Mid-South Field Trials


2016/02/02







By Tommy Brannon

Field Trialing is one of the few outdoor horse riding sports that takes place throughout the fall and winter in the mid-south. December, January and February see field trailing in full swing, with field trials taking place every week. The culmination of a successful field trial season for bird dogs is the National Championship at Ames Plantation in Grand Junction, Tennessee. This is the 117th year for the National Championship and the 101st year to be held on Ames Plantation. 
This year’s competition will begin on February 8 and should last approximately two weeks, depending on the weather and the number of dogs competing.  There are both morning and afternoon braces, Monday through Saturday. Two dogs compete in each brace and the only real way to see the action is from horseback. 

These field trails are open to the public, but riders must abide by the rules of the field trial and Ames Plantation. Riders stay in a group (Gallery) so as to not interfere with the dogs’ work.  For safety, it is important to be mounted on a horse that does not kick and is completely biddable. No alcohol is allowed, nor stallions. Field trialing is a family friendly sport, so children can enjoy the day. One of this year’s competition days is scheduled for President’s Day, February 15, when many children are out of school.

The bird dogs that qualify for the National Championship must have won two first placements in one of nearly 100 field trials held across North America. Once that qualification is met, a returning dog must place in one of the trials to re-qualify for the current year’s National Championship. The 2015 National Champion, Miller’s Dialing In, is returning for this year’s competition, as are other dogs from past championships. 

The judges for this year’s competition are: Doug Vaughn of Saskatoon, Saskatchewan, Charles F. Bryan of Moscow, Tennessee, and Dr. Rick Carlisle, director of Ames Plantation, Grand Junction, Tennessee. The National Champion is the dog who best meets the “Amesian Standard,” developed by Hobart Ames (1865-1945), who owned the Ames Plantation 1901-1945 and was President of the National Championship organization for 43 years.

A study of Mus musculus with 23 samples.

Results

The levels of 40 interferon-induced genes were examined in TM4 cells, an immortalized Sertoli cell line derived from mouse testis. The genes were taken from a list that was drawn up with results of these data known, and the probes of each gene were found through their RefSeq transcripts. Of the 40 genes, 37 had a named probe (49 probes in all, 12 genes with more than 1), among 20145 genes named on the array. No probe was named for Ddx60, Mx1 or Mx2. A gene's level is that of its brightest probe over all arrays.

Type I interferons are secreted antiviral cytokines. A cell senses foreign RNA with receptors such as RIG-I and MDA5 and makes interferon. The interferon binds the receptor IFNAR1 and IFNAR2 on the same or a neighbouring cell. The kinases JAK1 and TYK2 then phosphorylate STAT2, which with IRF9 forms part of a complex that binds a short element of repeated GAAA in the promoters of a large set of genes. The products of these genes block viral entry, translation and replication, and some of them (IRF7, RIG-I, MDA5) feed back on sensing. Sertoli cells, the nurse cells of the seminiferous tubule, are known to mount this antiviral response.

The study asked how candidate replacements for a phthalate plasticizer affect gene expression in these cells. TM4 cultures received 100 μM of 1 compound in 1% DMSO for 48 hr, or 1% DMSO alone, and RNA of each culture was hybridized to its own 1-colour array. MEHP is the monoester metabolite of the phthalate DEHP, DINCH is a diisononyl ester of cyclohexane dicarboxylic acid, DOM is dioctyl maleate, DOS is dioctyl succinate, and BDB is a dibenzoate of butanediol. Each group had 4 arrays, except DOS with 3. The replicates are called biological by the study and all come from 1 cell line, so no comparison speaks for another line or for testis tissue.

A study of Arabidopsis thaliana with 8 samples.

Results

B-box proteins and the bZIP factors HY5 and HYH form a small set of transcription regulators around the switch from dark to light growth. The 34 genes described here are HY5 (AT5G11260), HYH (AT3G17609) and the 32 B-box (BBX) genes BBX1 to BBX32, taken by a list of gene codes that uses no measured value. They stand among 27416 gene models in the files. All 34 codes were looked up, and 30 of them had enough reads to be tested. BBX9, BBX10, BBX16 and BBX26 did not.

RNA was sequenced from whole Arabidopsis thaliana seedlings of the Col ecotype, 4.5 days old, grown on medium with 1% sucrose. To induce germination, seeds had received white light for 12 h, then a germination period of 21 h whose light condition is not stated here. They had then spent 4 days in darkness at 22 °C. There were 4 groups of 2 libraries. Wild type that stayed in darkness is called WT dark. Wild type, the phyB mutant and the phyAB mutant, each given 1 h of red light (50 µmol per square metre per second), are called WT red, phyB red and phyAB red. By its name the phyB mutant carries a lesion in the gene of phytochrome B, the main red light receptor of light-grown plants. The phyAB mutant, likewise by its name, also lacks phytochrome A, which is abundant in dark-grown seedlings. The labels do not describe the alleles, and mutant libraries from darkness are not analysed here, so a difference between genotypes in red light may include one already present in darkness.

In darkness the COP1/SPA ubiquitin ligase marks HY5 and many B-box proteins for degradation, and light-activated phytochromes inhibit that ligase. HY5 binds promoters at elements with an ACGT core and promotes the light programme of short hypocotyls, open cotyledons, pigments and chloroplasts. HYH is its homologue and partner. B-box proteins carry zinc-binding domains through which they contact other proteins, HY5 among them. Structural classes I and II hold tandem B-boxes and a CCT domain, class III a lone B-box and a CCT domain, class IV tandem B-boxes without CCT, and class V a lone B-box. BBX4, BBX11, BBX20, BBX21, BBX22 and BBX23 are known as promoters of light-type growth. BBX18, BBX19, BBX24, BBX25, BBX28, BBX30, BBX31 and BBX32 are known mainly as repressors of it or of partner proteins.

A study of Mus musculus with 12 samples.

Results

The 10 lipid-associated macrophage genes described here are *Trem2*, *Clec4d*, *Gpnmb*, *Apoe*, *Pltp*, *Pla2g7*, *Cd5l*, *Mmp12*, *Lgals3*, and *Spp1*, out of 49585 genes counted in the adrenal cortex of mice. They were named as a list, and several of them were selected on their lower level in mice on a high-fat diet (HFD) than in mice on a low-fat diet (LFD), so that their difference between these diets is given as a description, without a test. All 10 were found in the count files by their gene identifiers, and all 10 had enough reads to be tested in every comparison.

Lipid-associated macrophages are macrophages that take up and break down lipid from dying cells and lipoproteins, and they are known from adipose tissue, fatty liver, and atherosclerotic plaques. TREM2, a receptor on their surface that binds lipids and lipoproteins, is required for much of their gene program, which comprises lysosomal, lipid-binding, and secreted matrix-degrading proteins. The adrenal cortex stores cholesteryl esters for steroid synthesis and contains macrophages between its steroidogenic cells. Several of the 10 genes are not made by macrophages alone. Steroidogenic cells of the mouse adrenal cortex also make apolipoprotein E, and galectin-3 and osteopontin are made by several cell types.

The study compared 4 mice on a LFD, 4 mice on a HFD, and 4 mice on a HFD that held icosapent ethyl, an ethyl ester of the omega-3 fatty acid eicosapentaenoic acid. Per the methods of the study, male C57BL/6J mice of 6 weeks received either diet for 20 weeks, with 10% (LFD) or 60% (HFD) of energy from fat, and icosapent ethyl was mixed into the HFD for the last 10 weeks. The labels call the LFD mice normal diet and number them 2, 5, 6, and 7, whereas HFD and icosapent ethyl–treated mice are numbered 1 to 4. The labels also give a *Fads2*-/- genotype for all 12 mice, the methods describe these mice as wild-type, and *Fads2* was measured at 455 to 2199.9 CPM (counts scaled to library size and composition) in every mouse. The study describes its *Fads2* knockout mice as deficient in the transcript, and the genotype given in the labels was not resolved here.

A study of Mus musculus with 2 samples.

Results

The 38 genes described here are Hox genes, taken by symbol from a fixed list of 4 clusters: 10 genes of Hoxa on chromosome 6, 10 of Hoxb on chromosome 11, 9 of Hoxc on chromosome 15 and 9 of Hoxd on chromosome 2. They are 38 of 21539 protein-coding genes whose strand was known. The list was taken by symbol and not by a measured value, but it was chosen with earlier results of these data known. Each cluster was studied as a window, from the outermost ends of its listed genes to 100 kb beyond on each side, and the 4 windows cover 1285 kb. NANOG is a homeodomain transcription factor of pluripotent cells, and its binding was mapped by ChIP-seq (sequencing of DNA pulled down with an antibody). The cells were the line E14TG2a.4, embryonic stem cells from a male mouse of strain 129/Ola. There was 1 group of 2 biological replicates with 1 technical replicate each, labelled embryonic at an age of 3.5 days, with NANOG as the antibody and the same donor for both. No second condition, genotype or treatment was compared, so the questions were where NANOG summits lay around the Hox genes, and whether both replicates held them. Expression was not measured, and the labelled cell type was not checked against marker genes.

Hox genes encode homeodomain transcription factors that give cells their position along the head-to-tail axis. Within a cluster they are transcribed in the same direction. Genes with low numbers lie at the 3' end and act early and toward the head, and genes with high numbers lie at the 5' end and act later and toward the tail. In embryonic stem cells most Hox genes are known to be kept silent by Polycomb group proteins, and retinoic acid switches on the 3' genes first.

The structure of field trails has similarities to some other horseback field sports. The dog is trained and controlled by a handler and assisted by a scout. Both competing dogs are released simultaneously at the beginning of the brace, called the breakaway.  The handler and the dogs’ owners usually ride near the judges. The scout may be asked to range out to find the dog for the handler if contact with the dog is lost. This may happen when a dog has found quail and is “on point.” The Gallery of mounted spectators follows behind and is monitored and controlled by the Marshalls. All Gallery riders have to keep quiet and stay together behind the judges. 

It is fascinating to listen to the Handler communicate with his dog – calling and whistling – and to watch an enthusiastic dog respond to the calls. The dog needs to stay ahead of the riders and work the course. 

It is amazing how a great pointer or setter can smell a quail in the thickest of underbrush! The sense of smell is all they have to detect these little birds that normally move in coveys seeking the food they need to survive. The dog will maintain the point until the handler dismounts, finds the covey, flushes it, and fires his/her blank pistol. Then all move off to find another covey. 

An unproductive (UP) is when the birds flush before the scout or handler arrives at the point. This will count against the dog, but does not disqualify him/her. Too many Ups, however, may cause the dog to be “picked up,” whereupon the dog is taken out of the competition.  

Another action that may cause a dog to be picked up is for the dog to not honor a brace mate’s point, either by not “backing” (i.e. staying back and letting the other dog stay on point) or rushing in and steeling the point.  Just like humans, bird dogs need to play fair. 

The most popular horses at field trails are gaited horses, such as Tennessee Walking Horses, Paso Finos, Saddlebreds, and Missouri Fox Trotters. Occasionally, one will find Quarter Horses, pleasure horses, and ponies. This is the kind of riding that even tempered Tennessee Walking Horses were bred for, sure footed riding for hours in open fields, mud, and woods in all kinds of weather conditions. If you love horses and dogs field trialing is great fun.